Brother of Aberdonian Killed in Iraq"Brother of Aberdonian Killed in Iraq." Aberdeen American News, 23 September 2004.
A former All-American wrestler with Aberdeen ties was killed by a roadside bomb while on patrol in Iraq, military officials said.
Staff Sgt. Lance Koenig, 33, of Fargo, N.D., died shortly after midnight Wednesday while on patrol with his North Dakota National Guard outfit near the Iraqi city of Tikrit.
Koenig, a former North Dakota State University athlete, is the younger brother of Les Koenig, associate pastor of Aberdeen's First Baptist Church.
Koenig, 35, said that his brother's wife Angie called him Wednesday morning to inform him about the tragedy.
He did not want to comment on his brother's death, but said the family would be issuing a press release in the near future. Les and Lance grew up in Carrington, N.D., where their parents still live.
Lance Koenig was assigned to the 141st Engineer Combat Battalion's Company B, based in Jamestown. The 15-year Guard veteran had been in Iraq since February.
NDSU wrestling coach Bucky Maughan said former Bison wrestlers called him from around the country Wednesday after hearing the news.
''Lance was one of the more successful North Dakota wrestlers,'' Maughan said. ''Everybody liked Lance. He was just one of those nice, easy going guys.''
Koenig finished second in the NCAA Division II national tournament as a sophomore and sixth as a junior.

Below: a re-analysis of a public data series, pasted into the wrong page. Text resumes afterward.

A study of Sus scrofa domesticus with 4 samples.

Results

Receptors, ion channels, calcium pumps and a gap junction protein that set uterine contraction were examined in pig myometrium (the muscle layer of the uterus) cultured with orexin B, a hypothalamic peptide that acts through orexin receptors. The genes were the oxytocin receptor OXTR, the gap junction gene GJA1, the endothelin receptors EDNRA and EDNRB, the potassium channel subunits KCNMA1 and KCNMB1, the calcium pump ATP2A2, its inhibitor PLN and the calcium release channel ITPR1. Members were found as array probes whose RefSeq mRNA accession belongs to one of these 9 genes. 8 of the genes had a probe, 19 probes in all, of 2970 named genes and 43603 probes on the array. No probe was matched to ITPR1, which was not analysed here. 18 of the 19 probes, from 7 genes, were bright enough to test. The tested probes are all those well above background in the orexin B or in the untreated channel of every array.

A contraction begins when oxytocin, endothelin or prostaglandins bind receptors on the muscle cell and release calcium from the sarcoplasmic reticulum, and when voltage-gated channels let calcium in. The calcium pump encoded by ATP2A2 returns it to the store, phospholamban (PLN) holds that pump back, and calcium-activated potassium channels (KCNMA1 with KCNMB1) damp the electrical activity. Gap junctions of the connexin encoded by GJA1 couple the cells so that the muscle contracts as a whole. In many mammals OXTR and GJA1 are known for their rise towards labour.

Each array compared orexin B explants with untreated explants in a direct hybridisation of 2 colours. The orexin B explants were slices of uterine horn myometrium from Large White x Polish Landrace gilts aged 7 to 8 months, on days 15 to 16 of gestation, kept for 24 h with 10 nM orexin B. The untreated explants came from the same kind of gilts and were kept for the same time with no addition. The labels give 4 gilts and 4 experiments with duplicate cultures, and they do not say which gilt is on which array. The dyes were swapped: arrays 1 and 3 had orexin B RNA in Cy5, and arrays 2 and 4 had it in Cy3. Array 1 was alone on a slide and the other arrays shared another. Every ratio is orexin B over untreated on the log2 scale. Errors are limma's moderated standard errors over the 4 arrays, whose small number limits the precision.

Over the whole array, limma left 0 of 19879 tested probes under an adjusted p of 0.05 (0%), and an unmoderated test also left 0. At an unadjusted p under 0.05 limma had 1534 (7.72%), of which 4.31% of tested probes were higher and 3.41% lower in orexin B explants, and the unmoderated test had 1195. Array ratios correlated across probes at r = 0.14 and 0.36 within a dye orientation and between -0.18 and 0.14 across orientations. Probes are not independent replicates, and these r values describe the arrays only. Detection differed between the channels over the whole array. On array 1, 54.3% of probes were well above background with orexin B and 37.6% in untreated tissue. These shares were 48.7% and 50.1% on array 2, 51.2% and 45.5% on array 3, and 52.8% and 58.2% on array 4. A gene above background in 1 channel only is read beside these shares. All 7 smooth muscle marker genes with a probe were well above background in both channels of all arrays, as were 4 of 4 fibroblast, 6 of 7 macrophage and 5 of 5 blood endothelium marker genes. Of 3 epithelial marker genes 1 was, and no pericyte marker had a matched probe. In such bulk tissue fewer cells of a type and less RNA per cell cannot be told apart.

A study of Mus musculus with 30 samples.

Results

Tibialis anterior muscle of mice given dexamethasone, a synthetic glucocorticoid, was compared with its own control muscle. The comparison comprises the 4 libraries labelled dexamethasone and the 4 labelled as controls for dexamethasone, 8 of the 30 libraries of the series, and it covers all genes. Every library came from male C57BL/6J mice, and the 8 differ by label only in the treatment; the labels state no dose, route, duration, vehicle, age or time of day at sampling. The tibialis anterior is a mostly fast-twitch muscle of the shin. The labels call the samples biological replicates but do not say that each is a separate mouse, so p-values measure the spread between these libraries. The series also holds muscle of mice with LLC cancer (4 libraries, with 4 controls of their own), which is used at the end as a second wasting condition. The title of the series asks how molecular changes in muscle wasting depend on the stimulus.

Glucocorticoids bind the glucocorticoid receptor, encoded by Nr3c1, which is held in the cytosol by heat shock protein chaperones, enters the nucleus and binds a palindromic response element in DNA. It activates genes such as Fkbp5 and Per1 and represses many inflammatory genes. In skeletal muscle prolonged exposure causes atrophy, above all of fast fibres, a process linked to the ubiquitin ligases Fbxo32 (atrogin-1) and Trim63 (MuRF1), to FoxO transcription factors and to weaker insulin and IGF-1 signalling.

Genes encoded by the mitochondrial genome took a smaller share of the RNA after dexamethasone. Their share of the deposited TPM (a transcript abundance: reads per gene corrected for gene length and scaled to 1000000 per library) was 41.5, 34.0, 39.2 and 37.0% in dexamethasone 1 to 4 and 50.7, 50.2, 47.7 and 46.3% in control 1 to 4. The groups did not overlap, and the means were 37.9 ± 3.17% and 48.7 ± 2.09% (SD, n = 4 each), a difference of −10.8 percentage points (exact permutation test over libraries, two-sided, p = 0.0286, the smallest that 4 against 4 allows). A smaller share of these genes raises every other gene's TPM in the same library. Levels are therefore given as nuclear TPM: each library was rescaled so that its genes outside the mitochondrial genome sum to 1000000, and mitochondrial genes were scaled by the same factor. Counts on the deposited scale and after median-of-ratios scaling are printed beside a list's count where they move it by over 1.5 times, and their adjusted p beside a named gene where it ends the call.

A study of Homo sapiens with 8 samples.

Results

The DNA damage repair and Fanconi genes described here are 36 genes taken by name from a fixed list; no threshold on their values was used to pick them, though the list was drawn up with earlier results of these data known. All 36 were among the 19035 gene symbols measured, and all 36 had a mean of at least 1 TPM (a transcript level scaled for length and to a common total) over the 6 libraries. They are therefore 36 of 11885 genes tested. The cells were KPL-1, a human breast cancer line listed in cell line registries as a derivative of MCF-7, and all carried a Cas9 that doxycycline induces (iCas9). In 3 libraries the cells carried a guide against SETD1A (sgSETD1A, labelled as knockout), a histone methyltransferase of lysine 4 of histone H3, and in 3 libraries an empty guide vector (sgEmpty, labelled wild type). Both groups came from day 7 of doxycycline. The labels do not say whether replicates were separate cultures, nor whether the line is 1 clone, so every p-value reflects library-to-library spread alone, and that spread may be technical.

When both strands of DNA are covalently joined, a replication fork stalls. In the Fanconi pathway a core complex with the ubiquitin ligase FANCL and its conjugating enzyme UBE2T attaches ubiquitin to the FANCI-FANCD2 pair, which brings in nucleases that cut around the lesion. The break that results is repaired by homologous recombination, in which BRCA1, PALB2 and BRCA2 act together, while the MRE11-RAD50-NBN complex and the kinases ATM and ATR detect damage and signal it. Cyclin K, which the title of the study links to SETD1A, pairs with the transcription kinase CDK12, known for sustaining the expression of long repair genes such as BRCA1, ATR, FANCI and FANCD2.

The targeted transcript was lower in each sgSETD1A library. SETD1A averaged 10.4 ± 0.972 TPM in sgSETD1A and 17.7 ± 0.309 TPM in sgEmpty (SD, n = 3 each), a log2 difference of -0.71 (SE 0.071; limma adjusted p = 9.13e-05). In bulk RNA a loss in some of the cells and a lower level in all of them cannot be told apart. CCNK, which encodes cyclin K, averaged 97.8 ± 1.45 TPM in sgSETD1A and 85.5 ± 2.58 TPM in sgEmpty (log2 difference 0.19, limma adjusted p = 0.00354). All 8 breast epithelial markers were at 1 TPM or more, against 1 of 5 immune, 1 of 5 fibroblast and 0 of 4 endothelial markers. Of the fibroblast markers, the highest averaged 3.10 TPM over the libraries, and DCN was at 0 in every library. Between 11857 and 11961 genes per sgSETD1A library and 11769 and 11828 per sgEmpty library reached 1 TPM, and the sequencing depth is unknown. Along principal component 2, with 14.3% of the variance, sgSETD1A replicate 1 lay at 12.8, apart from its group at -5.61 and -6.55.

Maughan said Koenig joined the National Guard to help pay for college expenses. The school did not offer full scholarships to wrestlers.
The NDSU coach talked with Koenig while he was home on leave in July.
''He was all excited that he got to come home,'' Maughan said. ''He said it's the worst place in the world you could be . . . desolate and hot. He was dreading the thought of going back.''
Koenig is survived by his wife and two daughters, Maughan said.
''He was completely devoted to his family,'' Maughan said. ''Those two little girls meant the world to him.''
Koenig won the North Central Conference wrestling title as a senior in 1994, but injured his knee in the semifinals of the national tournament.
Joel Vettel, Koenig's teammate at NDSU for five years, said he spent most of Wednesday afternoon and evening on the phone with former Bison wrestlers.
''Many of them haven't see Lance for many years, but they wanted to find out what happened and if they could do anything,'' Vettel said. ''It speaks volumes about the type of person he was. We have been doing a lot of reminiscing.''
A former three-sport standout at Carrington High School, Koenig was probably the best all-around athlete on the NDSU wrestling team, Vettel said.
''He was a very gifted athlete who never took himself real seriously. That was part of his appeal,'' Vettel said. ''He wasn't very flamboyant or outgoing. He would rather sit at home and play Nintendo games than go out.''
Spotted suspicious object: Military officials in Iraq said Wednesday that Koenig was in a vehicle when he spotted a suspicious object at the side of the road.
It turned out to be a bomb, which detonated and killed him, said Maj. Neal O'Brien, spokesman for the Army's 1st Infantry Division.
North Dakota Guard officials said they knew of no other soldiers with serious injuries in the incident.
Wednesday's death brings to six the number of North Dakota National Guardsmen killed in Iraq.
About 475 members of the 141st are stationed there. They started arriving in Kuwait on Feb. 15 and were expected to serve about a year.
The soldiers are in three primary locations - near Balad and Baqubah, which are just north of Baghdad, and near Tikrit, the home town of former Iraqi dictator Saddam Hussein. Tikrit is about 100 miles northwest of Baghdad.
Two other members of the unit were killed in May. They were Spc. Philip Brown, 21, of Jamestown, and Spc. James Holmes, 28, of East Grand Forks, Minn. About 19 have been wounded.